State pulls gift shop Rebel flag items

The state of Arkansas has removed items depicting the Confederate Battle Flag from the gift shop at Historic Washington State Park in Hempstead County.

“We apologize that these items were still being sold at the park,” according to a statement Tuesday from Arkansas State Parks and the Arkansas Department of Parks, Heritage and Tourism.

“Part of the park’s mission is to interpret the years that the town was the Confederate capital of Arkansas during the Civil War, but that can be done without offering for sale any items with a symbol that has become hurtful and divisive,” according to the statement. “Our interpretation of that time must be done in a respectful manner.”

Grady Spann, director of Arkansas State Parks, and Stacy Hurst, secretary of the Arkansas Department of Parks, Heritage and Tourism, learned of the rebel flags through a Twitter post, said spokeswoman Melissa Whitfield.

On Sunday, Aaron Sadler of Little Rock posted photographs of the items on Twitter along with the message: “It’s one thing to tell about our state’s ignominious history. It’s quite another to profit from it. I encourage Gov. Asa Hutchinson and Stacy Hurst to remove items celebrating the Confederacy from state park gift shops.”

Items in the photographs included 3-by-5-foot Confederate Battle Flags, small rebel flags, and Confederate Battle Flags on shot glasses, “can coolers,” pins and pendants, or “dog tags.”

Sadler said he was “shocked” to see the rebel flag items during a visit to the park over the weekend.

“If they serve an educational purpose, then I understand and respect that, but rebel flags on shot glasses?” said Sadler, a public relations man who served as a spokesman for four attorneys general in four different states, including Arkansas.

“The dog tags, the koozies just didn’t seem fitting for a place that’s financed by our tax dollars and where we expect out-of-state tourists to come and see the best of Arkansas,” Sadler said Tuesday. “I want my African-American neighbors to be able to go to a state park and not feel out of place and not feel unwanted.”

Park Directive 2026 of 2006 says items “deemed inappropriate for sale in Arkansas State Park facilities” include: “items that convey ‘any message, visual or verbal, that is violent, sexual or otherwise discriminates on the basis of race, color, national origin, sex, religion, age or disability.”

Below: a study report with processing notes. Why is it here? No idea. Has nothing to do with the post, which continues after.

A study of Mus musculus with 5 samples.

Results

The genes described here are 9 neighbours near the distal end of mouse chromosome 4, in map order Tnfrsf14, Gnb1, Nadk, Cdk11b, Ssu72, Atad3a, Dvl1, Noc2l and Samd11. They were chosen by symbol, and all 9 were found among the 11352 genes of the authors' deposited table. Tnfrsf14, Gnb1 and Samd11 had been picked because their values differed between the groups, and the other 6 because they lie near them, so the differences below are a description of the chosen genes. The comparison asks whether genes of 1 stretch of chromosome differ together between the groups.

“The policy will be updated and reviewed with staff to make sure it is understood,” Whitfield said in an email.

After Sadler’s tweet Sunday, he posted a similar message Monday on Facebook.

“These items serve no educational purpose, and the state is profiting off a symbol of hate,” Sadler wrote on Facebook. “I’m going to try my best to call attention to this and get these items taken off the shelves.”

On Tuesday, Sadler said it wasn’t his tweet and a subsequent Facebook post that got the rebel flag items removed. Others who saw his social media posts and contacted state officials did that.

“I might have said it out loud first, but the blessing was in the echo,” he said.

Whitfield said she didn’t know how long the rebel flag items were for sale at Historic Washington State Park. She said state officials were checking Tuesday to see if other state park gift shops were selling similar items.

An employee of Prairie Grove Battlefield State Park said they haven’t sold the Confederate Battle Flag in years, but they do sell the First National Confederate Flag, which is known as the Stars and Bars.

She said it’s more “historically accurate” for Arkansas.

“Among the several Arkansas regiments that used this pattern were the Sixth Regiment Arkansas Volunteers, the Eighth Regiment Arkansas Infantry, and the Eleventh Regiment Arkansas Infantry,” according to the Arkansas Encyclopedia. “The vast majority of these first flags were made by various women’s sewing circles around the state.”

“The Confederate Battle Flag, also known as the rebel flag, is the item that has been removed from Arkansas State Park gift shops,” Whitfield said Tuesday. “The First National Confederate Flag, which is historically accurate as being used in Arkansas during the Civil War, flies at Prairie Grove Battlefield State Park and is on some items for sale in its gift shop. We’ll continue to examine our policies related to what items are appropriate for resale in our state park gift shops.”

In the fall of 1863, during the Civil War, the Confederate government of Arkansas fled from Little Rock and moved to Washington, 120 miles to the southwest, according to the Encyclopedia of Arkansas. The Hempstead County Courthouse in Washington served as the state capital from 1863 to 1865.

While in Washington, Ark., on Sunday, Sadler made a verbal request under the Arkansas Freedom of Information Act regarding the rebel flags for sale in the gift shop.

According to the response he received Tuesday, the gift shop took in $1,300 from the sale of Confederate Battle Flag items since Jan. 1, 2018.

Besides the items already mentioned, the list included Civil War Series Playing Cards, Confederate Flag Playing Cards and Confederate Flag Stickers.

Since Jan. 1, 2018, the gift shop has sold 71 large Confederate Battle Flags priced at $8.99 each and 48 Confederate Battle Flag shot glasses at $4.79 each.